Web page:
Scott Stringer says he’s ‘never felt this good’ despite sexual assault allegation


Embattled New York City mayoral candidate Scott Stringer vowed Tuesday to stay in the race, claiming he’s “never felt this good” about his campaign — despite a sexual assault allegation against him and a growing list of endorsers jumping ship.

“Only when the voters decide they don’t elect me, I guess I’m out,” Stringer, the city’s comptroller, told NY1’s “Mornings on 1” when asked if he would withdraw. “I think people are going to support me and I’ve never felt this good about this campaign, believe it or not.”

Stringer has denied the allegations made against him last week by lobbyist and comedian Jean Kim, who says he groped and kissed her and made repeated unwanted sexual advances when she was an unpaid intern on his public advocate campaign when he was a state assemblyman.

The 61-year-old longtime Democratic politician claims Kim, 49, was a 30-year-old volunteer and “peer,” not an intern, for his campaign and that the two had an “on-and-off” consensual relationship.

Stringer insisted again Tuesday the allegations were “totally and completely false” —even as he spoke of the importance of ensuring that “women are heard” when they come forward with sexual misconduct allegations.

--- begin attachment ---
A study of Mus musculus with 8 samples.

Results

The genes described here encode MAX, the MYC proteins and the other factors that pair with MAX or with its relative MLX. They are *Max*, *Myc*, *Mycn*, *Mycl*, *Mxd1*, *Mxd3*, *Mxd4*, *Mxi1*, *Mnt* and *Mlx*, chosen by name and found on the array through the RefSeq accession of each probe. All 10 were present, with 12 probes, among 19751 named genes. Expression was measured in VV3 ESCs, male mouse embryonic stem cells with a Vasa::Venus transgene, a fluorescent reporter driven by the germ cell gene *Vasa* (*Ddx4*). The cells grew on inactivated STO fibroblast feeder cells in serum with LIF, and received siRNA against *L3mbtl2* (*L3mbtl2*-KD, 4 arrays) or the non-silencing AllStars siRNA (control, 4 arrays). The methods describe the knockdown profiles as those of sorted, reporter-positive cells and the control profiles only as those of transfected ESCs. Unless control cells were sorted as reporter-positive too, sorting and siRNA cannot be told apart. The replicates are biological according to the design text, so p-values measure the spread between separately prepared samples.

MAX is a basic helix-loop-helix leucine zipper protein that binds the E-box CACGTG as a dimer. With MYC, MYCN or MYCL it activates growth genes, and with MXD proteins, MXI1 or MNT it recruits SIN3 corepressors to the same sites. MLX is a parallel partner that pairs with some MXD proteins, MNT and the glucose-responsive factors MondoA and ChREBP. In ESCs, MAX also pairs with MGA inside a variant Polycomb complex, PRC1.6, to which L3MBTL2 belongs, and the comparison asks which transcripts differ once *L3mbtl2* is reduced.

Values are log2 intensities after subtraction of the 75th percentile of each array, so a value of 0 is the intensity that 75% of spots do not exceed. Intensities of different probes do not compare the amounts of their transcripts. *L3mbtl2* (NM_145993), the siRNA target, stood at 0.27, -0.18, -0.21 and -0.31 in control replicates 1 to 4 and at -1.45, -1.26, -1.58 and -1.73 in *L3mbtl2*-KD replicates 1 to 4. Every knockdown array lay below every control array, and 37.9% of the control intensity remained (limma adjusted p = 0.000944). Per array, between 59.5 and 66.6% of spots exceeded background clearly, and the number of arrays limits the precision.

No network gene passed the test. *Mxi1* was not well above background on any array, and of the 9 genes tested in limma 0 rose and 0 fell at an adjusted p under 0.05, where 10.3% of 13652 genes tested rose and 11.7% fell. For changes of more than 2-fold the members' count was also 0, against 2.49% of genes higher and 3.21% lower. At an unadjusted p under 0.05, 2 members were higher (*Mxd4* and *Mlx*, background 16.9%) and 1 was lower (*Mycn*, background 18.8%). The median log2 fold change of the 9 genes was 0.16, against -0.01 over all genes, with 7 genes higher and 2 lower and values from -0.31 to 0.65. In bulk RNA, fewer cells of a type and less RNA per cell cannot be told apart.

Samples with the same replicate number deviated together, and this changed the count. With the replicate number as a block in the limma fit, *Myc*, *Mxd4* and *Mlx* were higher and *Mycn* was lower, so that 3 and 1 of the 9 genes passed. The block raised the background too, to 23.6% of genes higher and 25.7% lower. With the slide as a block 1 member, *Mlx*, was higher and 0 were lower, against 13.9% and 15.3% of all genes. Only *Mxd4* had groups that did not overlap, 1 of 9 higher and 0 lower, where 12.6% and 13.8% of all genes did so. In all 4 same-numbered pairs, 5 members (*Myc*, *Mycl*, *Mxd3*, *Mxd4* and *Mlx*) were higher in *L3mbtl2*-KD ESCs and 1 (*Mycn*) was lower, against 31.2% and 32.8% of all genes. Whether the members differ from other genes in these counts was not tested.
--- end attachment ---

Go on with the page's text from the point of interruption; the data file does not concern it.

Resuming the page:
“There’s no merit to it. It didn’t happen,” Stringer said. “And I just want everybody to know that this is not who I am.”

He went on to insist he will be able to earn the backing of Big Apple voters.

“I think New Yorkers will be able to figure it out,” he said. “I think that when you go out into the streets, the churches and subway stations, I think that there’s tremendous support for me. I believe I’m going to be the next mayor.”

Stringer touted his endorsement from the UFT, and from Teamsters Local 237 — representing school safety agents, among others — which gave him a timely nod on Monday.

Asked about recent polling, which shows he is trailing behind Andrew Yang and Brooklyn Borough President Eric Adams, Stringer insisted his campaign would surge.

“I am the greatest comeback candidate that we’ve seen in quite a while, I was down 20 points at this time with Eliot Spitzer, and I won that race,” he said of his 2013 comptroller primary bid. “I don’t listen to these polls.”